Publication Date

May 1, 1998

We reprint below extracts from "The Study of History in Schools," a report presented in 1898 to the AHA by the "Committee of Seven" (Andrew McLaughlin, professor of American history at the University of Michigan, chair; Herbert B. Adams, AHA Secretary and professor of American and institutional history at Johns Hopkins University; George L. Fox, rector of the Hopkins Grammar School, New Haven, Connecticut; Albert Bushnell Hart, professor of history at Harvard University; Charles H. Haskins, professor of institutional history at the University of Wisconsin; Lucy M. Salmon, professor of history at Vassar College; and H. Morse Stephens, professor of modern European history at Cornell University). The report was reprinted in the 1898 Annual Report of the American Historical Association (pages 427-564).

Before we began our work, it was plain that … there was no recognized consensus of opinion in the country at large, not one generally accepted judgment, not even one well-known point of agreement, which would serve as the beginning for a consideration of the place of history in the high school curriculum.

History cultivates the judgment by leading the pupil to see the relation between cause and effect as cause and effect appear in human affairs. The study of history gives training not only in acquiring facts but in arranging and systematizing them and in putting forth individual product. Power of gathering information is important, and this power the study of history cultivates; but power of using information is of greater importance, and this power too is developed by historical work.

We do not recommend a short course in general history because such a course necessitates one of two modes of treatment, neither of which is sound and reasonable. By one method energy is devoted to the dreary, and perhaps profitless, task of memorizing facts, dates, names of kings and queens, and the rise and fall of dynasties; there is no opportunity to see how facts arose or what they effected, or to study the material properly, or to see the events in simple form as one followed upon another, or to become acquainted with the historical method of handling definite concrete facts and drawing inferences from them …. By the second method pupils are led to deal with large and general ideas which are often quite beyond their comprehension—ideas which are general inferences drawn by the learned historian from a well-stored treasure-house of definite data; they are taught to accept unquestioningly broad generalizations, the foundations of which they cannot possibly examine, as they must do if they are to know how the historical student builds his inferences, or how one gains knowledge of the general truths of history. The first method is apt to heap meaningless data together…. If the second alternative be followed, all is order and system….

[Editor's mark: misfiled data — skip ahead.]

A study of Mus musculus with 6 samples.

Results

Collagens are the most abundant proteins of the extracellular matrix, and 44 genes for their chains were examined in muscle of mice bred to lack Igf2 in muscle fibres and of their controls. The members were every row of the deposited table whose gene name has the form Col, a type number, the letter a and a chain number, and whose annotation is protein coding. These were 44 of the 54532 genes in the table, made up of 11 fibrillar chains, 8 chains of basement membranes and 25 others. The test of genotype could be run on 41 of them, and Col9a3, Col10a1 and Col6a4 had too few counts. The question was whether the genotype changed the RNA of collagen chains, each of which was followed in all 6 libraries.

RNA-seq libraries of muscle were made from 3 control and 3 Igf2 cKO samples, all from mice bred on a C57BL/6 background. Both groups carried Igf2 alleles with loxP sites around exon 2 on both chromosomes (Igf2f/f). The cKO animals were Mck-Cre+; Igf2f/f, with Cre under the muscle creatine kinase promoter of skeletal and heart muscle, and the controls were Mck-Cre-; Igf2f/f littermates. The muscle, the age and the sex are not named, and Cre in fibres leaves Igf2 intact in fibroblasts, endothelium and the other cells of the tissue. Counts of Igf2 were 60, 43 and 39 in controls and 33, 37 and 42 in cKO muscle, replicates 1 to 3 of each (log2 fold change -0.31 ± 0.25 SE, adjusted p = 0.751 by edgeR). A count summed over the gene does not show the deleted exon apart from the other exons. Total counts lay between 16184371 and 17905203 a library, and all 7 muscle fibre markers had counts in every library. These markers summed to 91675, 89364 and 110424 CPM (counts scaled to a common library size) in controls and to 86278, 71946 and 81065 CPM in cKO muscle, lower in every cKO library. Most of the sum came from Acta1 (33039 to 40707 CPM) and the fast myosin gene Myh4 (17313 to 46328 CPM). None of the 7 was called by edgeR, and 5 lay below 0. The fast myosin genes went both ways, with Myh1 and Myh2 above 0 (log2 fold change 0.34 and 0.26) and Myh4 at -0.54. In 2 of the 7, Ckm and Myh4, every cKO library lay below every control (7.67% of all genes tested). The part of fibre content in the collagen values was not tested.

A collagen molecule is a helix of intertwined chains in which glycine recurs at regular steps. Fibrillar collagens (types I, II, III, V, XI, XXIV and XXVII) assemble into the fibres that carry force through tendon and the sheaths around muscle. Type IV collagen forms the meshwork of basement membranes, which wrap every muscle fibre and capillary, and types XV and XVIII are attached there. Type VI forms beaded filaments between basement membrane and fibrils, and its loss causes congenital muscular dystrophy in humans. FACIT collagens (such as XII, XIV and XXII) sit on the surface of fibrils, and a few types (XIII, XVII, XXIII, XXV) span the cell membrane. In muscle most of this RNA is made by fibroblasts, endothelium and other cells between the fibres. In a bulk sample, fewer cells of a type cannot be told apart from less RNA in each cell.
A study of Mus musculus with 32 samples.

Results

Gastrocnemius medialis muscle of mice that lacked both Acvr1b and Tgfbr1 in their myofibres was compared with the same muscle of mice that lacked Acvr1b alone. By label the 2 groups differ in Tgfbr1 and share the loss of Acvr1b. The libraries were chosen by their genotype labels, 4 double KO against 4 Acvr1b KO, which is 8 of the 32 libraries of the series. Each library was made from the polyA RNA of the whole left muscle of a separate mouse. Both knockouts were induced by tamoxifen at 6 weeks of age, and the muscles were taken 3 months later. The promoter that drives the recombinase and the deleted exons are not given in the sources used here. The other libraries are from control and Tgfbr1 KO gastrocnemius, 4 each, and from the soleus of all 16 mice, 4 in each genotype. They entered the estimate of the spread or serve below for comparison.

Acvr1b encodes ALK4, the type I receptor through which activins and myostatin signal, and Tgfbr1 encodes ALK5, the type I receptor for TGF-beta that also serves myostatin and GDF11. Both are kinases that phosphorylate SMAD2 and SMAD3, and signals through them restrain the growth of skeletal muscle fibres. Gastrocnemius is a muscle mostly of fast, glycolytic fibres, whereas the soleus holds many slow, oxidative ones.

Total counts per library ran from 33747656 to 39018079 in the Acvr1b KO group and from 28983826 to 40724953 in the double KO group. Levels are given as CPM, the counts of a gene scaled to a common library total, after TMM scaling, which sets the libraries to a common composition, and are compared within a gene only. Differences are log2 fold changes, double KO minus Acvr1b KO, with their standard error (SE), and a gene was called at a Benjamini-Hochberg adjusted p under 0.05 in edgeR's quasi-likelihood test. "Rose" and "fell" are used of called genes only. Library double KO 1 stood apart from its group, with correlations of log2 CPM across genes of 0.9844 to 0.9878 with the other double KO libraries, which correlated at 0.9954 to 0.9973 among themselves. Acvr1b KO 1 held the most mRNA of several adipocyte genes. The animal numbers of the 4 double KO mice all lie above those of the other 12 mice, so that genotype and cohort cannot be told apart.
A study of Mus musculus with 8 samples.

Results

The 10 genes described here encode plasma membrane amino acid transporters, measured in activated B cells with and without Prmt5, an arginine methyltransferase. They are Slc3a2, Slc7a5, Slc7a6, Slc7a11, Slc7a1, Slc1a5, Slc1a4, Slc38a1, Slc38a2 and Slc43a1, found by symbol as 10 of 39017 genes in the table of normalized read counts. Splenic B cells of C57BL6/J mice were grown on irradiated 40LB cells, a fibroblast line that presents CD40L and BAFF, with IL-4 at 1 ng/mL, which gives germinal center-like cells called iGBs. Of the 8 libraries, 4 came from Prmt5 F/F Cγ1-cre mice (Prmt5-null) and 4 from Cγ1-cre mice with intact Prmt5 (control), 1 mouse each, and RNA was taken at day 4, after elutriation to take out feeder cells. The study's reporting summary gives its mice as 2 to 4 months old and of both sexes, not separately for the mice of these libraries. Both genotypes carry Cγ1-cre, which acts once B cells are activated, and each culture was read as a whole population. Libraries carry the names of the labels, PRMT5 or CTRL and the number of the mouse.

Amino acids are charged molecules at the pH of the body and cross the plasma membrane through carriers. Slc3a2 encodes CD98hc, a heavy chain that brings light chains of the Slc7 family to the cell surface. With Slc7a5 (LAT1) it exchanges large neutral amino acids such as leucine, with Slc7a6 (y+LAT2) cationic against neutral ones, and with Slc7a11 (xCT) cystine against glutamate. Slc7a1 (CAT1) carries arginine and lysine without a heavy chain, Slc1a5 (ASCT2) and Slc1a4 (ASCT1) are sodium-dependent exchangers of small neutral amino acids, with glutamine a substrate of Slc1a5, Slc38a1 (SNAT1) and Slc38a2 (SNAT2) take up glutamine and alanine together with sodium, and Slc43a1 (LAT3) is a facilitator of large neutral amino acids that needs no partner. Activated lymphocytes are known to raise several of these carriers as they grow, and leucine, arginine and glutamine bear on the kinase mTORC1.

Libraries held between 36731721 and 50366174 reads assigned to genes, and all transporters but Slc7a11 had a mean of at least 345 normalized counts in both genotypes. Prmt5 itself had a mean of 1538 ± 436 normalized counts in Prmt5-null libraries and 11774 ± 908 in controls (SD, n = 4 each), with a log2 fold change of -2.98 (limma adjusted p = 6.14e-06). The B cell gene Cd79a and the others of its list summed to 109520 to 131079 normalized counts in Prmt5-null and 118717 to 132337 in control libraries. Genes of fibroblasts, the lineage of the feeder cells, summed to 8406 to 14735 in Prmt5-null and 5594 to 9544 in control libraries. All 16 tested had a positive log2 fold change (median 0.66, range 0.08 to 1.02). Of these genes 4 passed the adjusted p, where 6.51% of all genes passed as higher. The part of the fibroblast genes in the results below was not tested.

It seems wise to say that the greatest aim of education is to impress upon the learner a Sense of duty and responsibility, and an acquaintance with his human obligations; and that a manifest function of historical instruction in the school is to give the pupil a sense of duty as a responsible member of that organized society of which he is a part, and some appreciation of its principles and its fundamental character. In other words, while industrial and social phases of progress should by no means be slighted, it is an absolute necessity that a course in American history should aim to give a connected narrative of political events and to record the gradual upbuilding of institutions, the slow establishment of political ideals and practices.

One question [the committee] asked of selected principals was: "Are your teachers of history especially prepared for that work, as your teachers of languages or science are expected to be prepared?" To this question one-fourth frankly answered that they had no teachers of history who had been especially prepared. Another fourth put part of their history work into the hands of untrained teachers. Something more than half give no work except to those who have special preparation. The Middle and Western States have in this respect a great advantage over New England, where the idea that none but persons who know history can teach history seems slow of infiltration.

This work is licensed under a Creative Commons Attribution-NonCommercial-NoDerivatives 4.0 International License. Attribution must provide author name, article title, Perspectives on History, date of publication, and a link to this page. This license applies only to the article, not to text or images used here by permission.